Front Page Titles (by Subject) TO GOVERNOR DINWIDDIE. - The Writings of George Washington, vol. I (1748-1757)
The Writings of George Washington, collected and edited by Worthington Chauncey Ford (New York and London: G. P. Putnam’s Sons, 1889-1893). Vol. I (1748-1757).
Fort Loudoun, 24 September, 1757.
Enclosed is a copy of a letter, which I received from Captain McKenzie. Since my last, the different parties I detached in quest of the enemy, (who committed the late depredations in this neighborhood,) are returned, after having prosecuted the most probable measures, and exerted their utmost efforts in vain, in endeavoring to come up with and prevent the enemy’s escape. Nor is it in any degree surprising, for when the vast extent of country, the scattered and distant manner in which the inhabitants are settled, the nature of the ground, and disposition of the enemy we have to cope with, are collectively considered, it is next to impossible, that any of our parties should ever see the enemy, except when they possess such advantages as render their victory certain.
The inhabitants of this valuable and fertile valley are terrified beyond expression. Some have abandoned their plantations, and many are packing up their most valuable effects in order to follow them. Another irruption into the heart of this settlement will, I am afraid, be of fatal consequence to it. I was always persuaded, and almost every day affords new matter for confirming me in the opinion, that the enemy can, with the utmost facility, render abortive every plan, which can be concerted upon our present system of defence; and that the only method of effectually defending such a vast extent of mountains covered with thick woods, as our frontiers, against such an enemy, is by carrying the war into their country. And I think I may, without assuming uncommon penetration, venture to affirm, that, unless an expedition is carried on against the Ohio next spring, this country will not be another year in our possession.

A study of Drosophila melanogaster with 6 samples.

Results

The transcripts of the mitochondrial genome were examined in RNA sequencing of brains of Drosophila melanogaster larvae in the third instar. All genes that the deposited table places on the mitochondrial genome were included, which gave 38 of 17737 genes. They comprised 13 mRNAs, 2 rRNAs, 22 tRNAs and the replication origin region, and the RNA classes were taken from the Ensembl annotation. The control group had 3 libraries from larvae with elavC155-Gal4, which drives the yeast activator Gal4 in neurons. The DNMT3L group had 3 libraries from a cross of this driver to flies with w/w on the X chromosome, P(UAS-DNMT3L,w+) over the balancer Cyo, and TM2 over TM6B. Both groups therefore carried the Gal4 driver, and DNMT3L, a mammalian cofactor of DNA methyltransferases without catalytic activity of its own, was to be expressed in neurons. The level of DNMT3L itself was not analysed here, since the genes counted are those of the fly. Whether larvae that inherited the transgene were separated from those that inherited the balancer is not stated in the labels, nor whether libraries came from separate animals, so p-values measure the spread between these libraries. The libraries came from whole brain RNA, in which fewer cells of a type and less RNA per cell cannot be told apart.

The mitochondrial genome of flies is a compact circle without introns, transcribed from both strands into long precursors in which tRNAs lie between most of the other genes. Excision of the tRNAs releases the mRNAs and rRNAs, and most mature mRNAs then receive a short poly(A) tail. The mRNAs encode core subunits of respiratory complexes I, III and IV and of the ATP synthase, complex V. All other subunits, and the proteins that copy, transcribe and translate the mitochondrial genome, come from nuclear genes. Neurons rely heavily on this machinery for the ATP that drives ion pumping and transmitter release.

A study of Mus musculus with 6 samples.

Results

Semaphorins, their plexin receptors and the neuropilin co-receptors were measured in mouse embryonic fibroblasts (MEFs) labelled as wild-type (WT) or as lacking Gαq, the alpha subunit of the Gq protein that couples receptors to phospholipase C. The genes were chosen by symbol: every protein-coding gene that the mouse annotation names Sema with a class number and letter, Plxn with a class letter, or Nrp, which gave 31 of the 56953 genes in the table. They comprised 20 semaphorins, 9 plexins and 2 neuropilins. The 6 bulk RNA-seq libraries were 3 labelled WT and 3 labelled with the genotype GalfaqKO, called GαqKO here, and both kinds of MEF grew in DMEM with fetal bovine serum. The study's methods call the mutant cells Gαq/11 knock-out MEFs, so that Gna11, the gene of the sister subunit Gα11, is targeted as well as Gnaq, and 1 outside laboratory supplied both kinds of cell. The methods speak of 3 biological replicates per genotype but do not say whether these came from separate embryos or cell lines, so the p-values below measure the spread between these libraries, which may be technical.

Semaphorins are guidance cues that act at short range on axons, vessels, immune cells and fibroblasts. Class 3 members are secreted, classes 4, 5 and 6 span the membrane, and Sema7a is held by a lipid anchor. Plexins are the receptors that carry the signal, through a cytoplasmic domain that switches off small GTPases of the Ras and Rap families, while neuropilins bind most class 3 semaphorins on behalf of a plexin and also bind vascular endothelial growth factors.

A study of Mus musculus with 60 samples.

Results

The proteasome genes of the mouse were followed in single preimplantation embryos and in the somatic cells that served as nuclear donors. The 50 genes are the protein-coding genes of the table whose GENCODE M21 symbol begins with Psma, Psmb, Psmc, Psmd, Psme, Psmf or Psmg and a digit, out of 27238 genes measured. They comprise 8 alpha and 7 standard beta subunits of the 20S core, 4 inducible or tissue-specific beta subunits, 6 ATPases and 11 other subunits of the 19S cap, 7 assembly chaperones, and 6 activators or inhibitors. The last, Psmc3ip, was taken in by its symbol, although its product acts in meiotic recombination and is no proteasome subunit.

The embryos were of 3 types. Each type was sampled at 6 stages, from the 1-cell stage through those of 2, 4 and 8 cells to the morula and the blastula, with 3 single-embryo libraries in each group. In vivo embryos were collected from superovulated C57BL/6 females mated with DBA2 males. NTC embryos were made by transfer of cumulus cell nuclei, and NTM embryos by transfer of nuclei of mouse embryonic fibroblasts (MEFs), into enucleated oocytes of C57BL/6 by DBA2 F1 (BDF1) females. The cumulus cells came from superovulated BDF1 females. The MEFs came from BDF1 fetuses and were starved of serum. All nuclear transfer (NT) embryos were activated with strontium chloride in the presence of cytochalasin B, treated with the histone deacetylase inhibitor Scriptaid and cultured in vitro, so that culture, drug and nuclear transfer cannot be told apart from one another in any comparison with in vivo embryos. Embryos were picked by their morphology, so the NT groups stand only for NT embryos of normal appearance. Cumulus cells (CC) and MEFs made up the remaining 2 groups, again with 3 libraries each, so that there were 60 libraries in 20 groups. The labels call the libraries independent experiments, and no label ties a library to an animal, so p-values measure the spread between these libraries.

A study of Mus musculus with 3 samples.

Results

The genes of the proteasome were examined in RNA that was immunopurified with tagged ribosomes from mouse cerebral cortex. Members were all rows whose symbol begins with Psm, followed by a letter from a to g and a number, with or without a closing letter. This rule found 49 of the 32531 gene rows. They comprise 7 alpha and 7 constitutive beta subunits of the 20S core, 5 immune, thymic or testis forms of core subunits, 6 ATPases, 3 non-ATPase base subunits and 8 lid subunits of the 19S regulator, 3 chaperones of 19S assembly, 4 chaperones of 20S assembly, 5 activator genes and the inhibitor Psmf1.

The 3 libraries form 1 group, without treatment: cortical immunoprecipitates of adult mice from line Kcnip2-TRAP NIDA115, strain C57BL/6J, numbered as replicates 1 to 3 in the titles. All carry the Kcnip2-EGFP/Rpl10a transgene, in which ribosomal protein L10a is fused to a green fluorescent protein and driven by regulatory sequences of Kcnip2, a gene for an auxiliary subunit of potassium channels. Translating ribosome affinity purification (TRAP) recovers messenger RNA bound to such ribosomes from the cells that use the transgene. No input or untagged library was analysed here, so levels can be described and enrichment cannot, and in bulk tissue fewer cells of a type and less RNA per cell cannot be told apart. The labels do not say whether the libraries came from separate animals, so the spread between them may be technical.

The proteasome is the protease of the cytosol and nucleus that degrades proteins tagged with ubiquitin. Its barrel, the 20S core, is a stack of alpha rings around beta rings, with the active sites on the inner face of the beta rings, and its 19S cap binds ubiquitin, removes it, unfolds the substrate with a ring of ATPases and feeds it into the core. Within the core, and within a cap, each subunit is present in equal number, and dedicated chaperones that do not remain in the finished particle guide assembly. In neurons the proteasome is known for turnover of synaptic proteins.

Sickness, and the different parties, which the distressed situation of affairs here obliged me to detach from this garrison, so greatly retard the works, that finishing even the principal parts of them, before the winter sets in, will, I am afraid, prove impracticable.
I understand there are a mortar and a number of shells at Williamsburg, which would be of infinite service here, tho’ of little or none where they are. We have a quantity of round and grape-shot for six-pounders, but no cannon to use them. A few pieces of that size would be a great addition to our strength; and, as this is the only place we have, (were it finished,) where a stand could be made, in case of any formidable attack, I conceive nothing in our power should be omitted to make it as defensible as we can.
Mr. Rutherford is not yet returned. Enclosed is a list of the killed and captured by the enemy, when last down. This is sent to Fredericksburg, in order to go by post.